A Balanced Empathy

Professor uses The Lemon Tree to Explore Relationships Between “The West and the World”

THIS AUTUMN, SEATTLE PACIFIC University Professor of History Don Holsinger introduced a new text to his sophomore-level Common Curriculum course, “The West and the World.” The book is one he hopes will have as profound an impact on his students as it has had on him.

Holsinger describes The Lemon Tree, a true story about an Israeli family and a Palestinian family written by journalist Sandy Tolan, as meticulously researched and sensitively told. “It shows deep understanding and empathy for both Palestinians and Israelis,” he says. In class, Holsinger’s students will be required to read the book and write reflections about its content.

In the process, he hopes that they will develop a “balanced empathy” and begin to see what people on both sides of the Israeli- Palestinian conflict have in common. “They speak closely related languages; both trace their ancestries back to Abraham; and their basic values are similar,” says the professor. “They also share a passionate attachment to the same piece of land. The book really helps students understand how much these people share.”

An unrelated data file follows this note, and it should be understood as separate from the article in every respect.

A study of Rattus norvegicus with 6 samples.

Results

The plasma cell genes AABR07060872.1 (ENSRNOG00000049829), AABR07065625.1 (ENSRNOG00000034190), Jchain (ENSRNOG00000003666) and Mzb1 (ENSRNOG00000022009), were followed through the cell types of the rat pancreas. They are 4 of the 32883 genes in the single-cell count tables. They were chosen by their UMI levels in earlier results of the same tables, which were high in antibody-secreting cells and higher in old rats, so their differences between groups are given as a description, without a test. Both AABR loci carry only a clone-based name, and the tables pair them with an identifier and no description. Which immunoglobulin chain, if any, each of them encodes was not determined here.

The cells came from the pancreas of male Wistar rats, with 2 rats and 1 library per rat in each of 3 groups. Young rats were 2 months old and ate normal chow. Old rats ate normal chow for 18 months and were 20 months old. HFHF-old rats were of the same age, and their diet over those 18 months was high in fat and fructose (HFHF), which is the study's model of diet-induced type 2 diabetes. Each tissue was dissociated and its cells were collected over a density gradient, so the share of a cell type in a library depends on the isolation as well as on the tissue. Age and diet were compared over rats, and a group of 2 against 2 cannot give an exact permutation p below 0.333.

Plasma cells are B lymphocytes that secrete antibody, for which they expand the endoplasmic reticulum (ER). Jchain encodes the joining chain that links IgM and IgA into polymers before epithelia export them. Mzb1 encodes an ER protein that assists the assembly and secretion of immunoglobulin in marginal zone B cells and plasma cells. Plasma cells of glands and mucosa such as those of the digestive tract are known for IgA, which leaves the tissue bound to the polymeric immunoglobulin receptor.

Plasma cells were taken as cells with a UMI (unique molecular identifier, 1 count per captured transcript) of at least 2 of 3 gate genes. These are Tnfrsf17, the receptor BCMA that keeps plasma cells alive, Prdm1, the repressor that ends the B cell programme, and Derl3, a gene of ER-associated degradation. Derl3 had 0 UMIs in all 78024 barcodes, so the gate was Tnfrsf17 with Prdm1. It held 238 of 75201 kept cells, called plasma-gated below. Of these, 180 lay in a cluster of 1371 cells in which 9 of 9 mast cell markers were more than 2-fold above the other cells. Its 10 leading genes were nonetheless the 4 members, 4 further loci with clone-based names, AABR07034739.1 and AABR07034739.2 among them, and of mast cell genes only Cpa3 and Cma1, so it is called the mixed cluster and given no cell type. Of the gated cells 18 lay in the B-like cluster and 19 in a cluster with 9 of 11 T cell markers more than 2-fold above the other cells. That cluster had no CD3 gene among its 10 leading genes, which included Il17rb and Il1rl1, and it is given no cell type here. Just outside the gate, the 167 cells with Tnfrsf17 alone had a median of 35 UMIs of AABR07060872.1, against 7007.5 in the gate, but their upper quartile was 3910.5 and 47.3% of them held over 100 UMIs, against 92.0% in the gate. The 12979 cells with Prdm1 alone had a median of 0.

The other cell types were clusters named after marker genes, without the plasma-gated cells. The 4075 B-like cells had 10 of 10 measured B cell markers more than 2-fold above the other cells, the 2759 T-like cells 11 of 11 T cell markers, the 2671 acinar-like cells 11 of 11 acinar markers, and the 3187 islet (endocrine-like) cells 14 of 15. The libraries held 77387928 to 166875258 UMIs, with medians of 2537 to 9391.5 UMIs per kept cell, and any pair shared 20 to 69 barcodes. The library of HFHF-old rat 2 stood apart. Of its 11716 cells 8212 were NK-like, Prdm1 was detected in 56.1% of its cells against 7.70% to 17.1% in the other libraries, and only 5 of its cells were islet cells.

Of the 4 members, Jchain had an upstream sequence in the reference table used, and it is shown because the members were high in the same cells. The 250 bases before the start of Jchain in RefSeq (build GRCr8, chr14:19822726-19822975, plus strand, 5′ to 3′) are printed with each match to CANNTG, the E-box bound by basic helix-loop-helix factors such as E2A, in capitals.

Holsinger has been teaching courses in the Common Curriculum — SPU ’s general education program required of all students — for the last seven years. A specialist on Middle Eastern and Islamic history, he participated in a Christian Peacemaker Teams delegation that monitored the tense boundary between the Israeli and Palestinian-controlled sections of the West Bank city of Hebron in 2000.

He shares these experiences with his students in “The West and the World,” a course that explores the historical interactions between the West and other civilizations from the dawn of the modern global age to the present. Students examine a variety of world regions with the assistance of books, including Chinua Achebe’s Things Fall Apart and thought-provoking films such as The Mission and Gandhi.

The central question of the course, says Holsinger, is “How has Western civilization influenced and been influenced by other cultures?” Ultimately, he continues, the course examines “Christian responses to a constantly changing world.”

As conflict continues in the Middle East, Holsinger believes The Lemon Tree’s theme of reconciliation has potentially powerful and far-reaching implications. “It’s about having the courage to reach out and overcome a natural human tendency to fear others,” he explains. “My hope is that students will have their eyes opened and their hearts touched by this book. It inspires a vision of reconciliation — for Israelis and Palestinians, but also for other peoples around the world, and here at home.”